E-Newsletter    August 2022

Effective treatments for gastroparesis—the delayed gastric emptying of solid food not caused by a mechanical obstruction—are greatly needed to reduce mortality and improve quality of life. There’s only one pharmaceutical treatment for the disorder, and it’s approved only for diabetic gastroparesis, not other types. Processa Pharmaceuticals is conducting a Phase 2 clinical trial of a “highly selective 5-hydroxytryptamine-4 receptor agonist.”

In addition to reading our e-newsletter, be sure to visit Today’s Geriatric Medicine’s website at www.TodaysGeriatricMedicine.com, where you’ll find news and information that’s relevant and reliable. We welcome your feedback at TGMeditor@gvpub.com. Follow Today’s Geriatric Medicine on Facebook and Twitter, too.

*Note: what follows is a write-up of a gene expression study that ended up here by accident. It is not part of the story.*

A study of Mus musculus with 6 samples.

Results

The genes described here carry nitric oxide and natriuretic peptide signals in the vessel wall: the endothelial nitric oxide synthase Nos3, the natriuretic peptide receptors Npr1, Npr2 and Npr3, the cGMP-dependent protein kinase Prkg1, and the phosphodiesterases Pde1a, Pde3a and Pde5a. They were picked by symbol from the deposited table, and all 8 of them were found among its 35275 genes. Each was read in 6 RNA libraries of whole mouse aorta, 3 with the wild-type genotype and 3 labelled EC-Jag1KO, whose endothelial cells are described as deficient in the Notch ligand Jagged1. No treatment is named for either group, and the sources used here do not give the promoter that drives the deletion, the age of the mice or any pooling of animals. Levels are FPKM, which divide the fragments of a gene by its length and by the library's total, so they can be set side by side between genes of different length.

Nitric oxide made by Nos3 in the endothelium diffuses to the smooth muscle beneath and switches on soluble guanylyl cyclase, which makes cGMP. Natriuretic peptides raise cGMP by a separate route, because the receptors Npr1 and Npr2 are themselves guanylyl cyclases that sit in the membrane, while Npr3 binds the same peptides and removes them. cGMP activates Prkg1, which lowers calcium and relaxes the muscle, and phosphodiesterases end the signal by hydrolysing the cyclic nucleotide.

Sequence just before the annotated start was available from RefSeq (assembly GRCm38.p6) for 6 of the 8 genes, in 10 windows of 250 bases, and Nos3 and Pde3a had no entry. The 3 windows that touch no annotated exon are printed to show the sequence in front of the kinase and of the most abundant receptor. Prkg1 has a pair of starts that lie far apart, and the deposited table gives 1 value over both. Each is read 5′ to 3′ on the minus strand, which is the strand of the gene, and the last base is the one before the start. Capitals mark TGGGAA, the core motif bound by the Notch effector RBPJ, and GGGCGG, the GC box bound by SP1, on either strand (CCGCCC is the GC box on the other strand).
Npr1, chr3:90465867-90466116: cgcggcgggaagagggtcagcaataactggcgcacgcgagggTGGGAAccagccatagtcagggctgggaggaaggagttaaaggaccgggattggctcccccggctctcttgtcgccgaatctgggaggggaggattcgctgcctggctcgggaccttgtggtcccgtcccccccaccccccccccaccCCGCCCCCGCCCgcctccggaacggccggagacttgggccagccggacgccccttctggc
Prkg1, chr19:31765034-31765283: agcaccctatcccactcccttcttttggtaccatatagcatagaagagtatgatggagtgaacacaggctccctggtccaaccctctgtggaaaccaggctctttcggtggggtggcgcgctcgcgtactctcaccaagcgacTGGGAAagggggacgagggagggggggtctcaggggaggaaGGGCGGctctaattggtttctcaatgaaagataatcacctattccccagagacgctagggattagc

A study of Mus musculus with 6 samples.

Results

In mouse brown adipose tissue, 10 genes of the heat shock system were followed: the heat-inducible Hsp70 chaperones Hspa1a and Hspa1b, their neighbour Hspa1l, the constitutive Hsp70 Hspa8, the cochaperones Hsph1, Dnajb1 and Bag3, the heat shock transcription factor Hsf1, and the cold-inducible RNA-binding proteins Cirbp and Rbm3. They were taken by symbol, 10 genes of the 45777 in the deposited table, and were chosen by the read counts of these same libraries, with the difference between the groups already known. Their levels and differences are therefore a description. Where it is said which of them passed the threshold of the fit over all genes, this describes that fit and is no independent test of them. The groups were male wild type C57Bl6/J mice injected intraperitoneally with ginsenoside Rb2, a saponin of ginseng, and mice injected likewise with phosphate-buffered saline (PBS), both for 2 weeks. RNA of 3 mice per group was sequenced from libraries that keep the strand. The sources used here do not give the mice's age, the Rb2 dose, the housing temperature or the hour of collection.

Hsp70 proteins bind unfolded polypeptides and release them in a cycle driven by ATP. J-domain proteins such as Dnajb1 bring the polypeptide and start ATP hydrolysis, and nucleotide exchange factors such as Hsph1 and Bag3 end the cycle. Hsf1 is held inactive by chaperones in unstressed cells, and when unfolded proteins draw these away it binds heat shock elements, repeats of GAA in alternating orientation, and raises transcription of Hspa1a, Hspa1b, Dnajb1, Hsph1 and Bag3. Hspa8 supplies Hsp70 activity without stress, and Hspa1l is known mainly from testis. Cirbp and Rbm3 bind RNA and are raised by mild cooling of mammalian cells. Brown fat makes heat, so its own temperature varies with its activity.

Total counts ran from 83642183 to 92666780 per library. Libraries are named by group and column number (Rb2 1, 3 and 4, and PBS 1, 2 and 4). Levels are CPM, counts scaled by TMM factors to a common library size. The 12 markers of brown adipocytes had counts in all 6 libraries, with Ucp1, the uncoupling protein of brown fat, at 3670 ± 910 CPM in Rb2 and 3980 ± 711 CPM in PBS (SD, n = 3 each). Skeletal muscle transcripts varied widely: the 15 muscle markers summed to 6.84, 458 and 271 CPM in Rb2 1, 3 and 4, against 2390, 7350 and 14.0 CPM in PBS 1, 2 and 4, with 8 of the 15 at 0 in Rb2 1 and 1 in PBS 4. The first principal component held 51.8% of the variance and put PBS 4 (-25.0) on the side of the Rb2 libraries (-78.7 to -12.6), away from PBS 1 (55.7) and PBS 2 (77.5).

— Kate Jackson, editor
In This E-Newsletter

E-News Exclusive
A Phase 2 Clinical Trial of a Drug for Gastroparesis

Processa Pharmaceuticals, a clinical-stage biopharmaceutical company developing products to improve the survival and/or quality of life for patients who have an unmet medical need, recently announced that it has enrolled its first patient in the Phase 2A clinical trial of PCS12852 in patients with moderate to severe gastroparesis. Gastroparesis is a chronic gastric motility disorder in which the stomach does not empty food as quickly as it should, resulting in potentially serious forms of heartburn, nausea, vomiting, and bloating for millions of patients in the United States. As such gastroparesis is recognized to be a serious unmet medical need condition for which patients need alternative treatment options.

Currently, the only FDA-approved pharmaceutical treatment for gastroparesis is metoclopramide, a dopamine D2 receptor antagonist, which is approved only for diabetic gastroparesis, not for other subsets of gastroparesis. Additionally, it carries a black box warning, limiting use for this chronic disorder to less than 12 weeks due to potentially serious side effects.